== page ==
How Henry Ford Ended Up With Abraham Lincoln's Assassination Chair

Photo:  The Henry Ford
Photo: The Henry Ford

Despite our complicated views on the man himself, I absolutely love the museum Henry Ford built in his hometown of Dearborn, Michigan. Aptly named the Henry Ford, it’s full of not just amazing cars and machinery, but little bits of history you wouldn’t normally find in your average car museum. Along with a vial of Thomas Edison’s final breath and the oldest surviving school bus in America is the chair President Abraham Lincoln sat in when John Wilkes Booth walked into Ford’s Theater and assassinated the president.

The Lincoln Rocker sits on the museum floor near another iconic piece of history, the bus that was the site of Rosa Parks’s famous act of defiance in 1955. The bus makes much more sense in the museum, since it is a vehicle. But why the chair? To understand how the Lincoln Rocker came into the museum’s possession, you have to know a little bit about Henry Ford and the grounds just outside his monument to industrial history.


Ford also felt inspired by another great American: Our 16th president, Abraham Lincoln. He bought the Logan County Courthouse where a young Abraham Lincoln once practiced law. Like Edison’s workshop, it was disassembled and carted up to Dearborn. He intended to turn the entire building into a mini museum dedicated just to Lincoln. When the opportunity to buy the assassination chair came up Ford leapt at the chance.

The chair itself is a simple parlor rocking chair wheeled on to the balcony at Ford’s Theater by management specifically for the president’s comfort. After Lincoln was shot by John Wilkes Booth on April 15, 1865 the chair was held as evidence in the trial of Booth’s co-conspirators. It eventually found its way into the Smithsonian museum’s basement into a secret break room where it was subject to water damage, plaster, dust and random people dragging their greasy hair styles across the silk upholstery for 30 years. The Ford family (the owners of the theater, not the automaker) petitioned in 1927 for the chair’s release back into the family’s hands.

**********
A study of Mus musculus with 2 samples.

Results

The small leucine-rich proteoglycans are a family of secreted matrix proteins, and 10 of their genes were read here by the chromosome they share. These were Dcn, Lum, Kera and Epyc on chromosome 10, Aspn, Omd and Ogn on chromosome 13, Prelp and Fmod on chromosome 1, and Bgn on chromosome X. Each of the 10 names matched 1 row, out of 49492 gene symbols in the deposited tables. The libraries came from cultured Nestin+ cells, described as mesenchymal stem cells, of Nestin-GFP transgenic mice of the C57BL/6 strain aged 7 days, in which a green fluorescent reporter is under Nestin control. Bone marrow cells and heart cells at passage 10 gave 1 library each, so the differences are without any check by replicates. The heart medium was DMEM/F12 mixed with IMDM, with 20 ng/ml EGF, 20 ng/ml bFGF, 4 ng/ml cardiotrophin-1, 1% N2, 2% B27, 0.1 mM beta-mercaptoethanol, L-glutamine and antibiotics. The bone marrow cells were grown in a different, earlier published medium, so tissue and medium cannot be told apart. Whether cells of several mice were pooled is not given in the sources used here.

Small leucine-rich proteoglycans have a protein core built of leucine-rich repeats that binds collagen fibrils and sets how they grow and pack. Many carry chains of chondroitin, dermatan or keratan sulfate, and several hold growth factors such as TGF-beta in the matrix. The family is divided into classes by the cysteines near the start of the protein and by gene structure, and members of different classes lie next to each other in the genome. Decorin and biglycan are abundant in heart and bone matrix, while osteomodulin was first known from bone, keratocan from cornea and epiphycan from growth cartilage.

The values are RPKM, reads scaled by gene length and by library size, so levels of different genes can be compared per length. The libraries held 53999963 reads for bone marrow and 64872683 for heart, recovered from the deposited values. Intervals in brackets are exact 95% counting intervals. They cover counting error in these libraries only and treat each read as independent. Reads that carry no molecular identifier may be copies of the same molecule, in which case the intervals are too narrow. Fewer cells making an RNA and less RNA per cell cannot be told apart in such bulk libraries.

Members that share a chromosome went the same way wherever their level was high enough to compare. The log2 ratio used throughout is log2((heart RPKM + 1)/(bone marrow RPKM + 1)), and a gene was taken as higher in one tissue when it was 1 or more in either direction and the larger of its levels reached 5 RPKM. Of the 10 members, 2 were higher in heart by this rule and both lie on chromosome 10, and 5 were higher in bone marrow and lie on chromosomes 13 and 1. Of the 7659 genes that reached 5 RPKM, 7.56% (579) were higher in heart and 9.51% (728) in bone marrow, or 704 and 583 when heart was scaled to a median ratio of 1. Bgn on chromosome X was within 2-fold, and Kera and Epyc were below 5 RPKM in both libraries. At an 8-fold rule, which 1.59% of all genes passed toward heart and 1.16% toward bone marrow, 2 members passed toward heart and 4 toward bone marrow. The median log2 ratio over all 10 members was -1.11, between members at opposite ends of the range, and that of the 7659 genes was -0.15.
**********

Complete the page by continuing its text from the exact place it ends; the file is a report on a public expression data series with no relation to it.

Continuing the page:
They got the chair back in 1929, and promptly sold it for $2,400—over $41,000 in 2023 dollars—to a dealer Henry Ford hired to fill his museum with interesting pieces. When it arrived in Dearborn in January of 1930 Ford was so thrilled with the purchase that he filmed his crew opening the box:

Unpacking Abraham Lincoln’s Assassination Chair (1929)

Ford housed the rocker in the Logan County Courthouse in Greenfield Village until 1980, when it was moved into the museum proper. In the early 1990s, it was clear the chair was in trouble. Little flecks of silk drifted up from the chair when a stiff breeze passed, according to the museum. Outside cloth-preservation experts took steps to prevent the silk upholstery from degrading any further. Curators also tested the chair and found three human blood samples in the silk, but have no way of knowing to whom the samples belong, MLive reports. The dark stain on the top of the chair is not blood, however, but the aforementioned grease stains from random folks using the chair as a place to chill in the Smithsonian basement. Today, the chair sits in a climate controlled case in a display right next to the Rosa Parks bus. Both pieces serve as stirring reminders of the bravery it takes to beat back deeply entrenched racial divides.

The gruesome reminder of that violent, tumultuous time in America also sits not too far from another visceral piece of presidential assassination history: The 1961 Lincoln Continental where President John F. Kennedy was shot. No longer a convertible, as it remained in service for years after Kennedy’s death, the limo and the rocker are two of the most visited items in the museum, according to curators.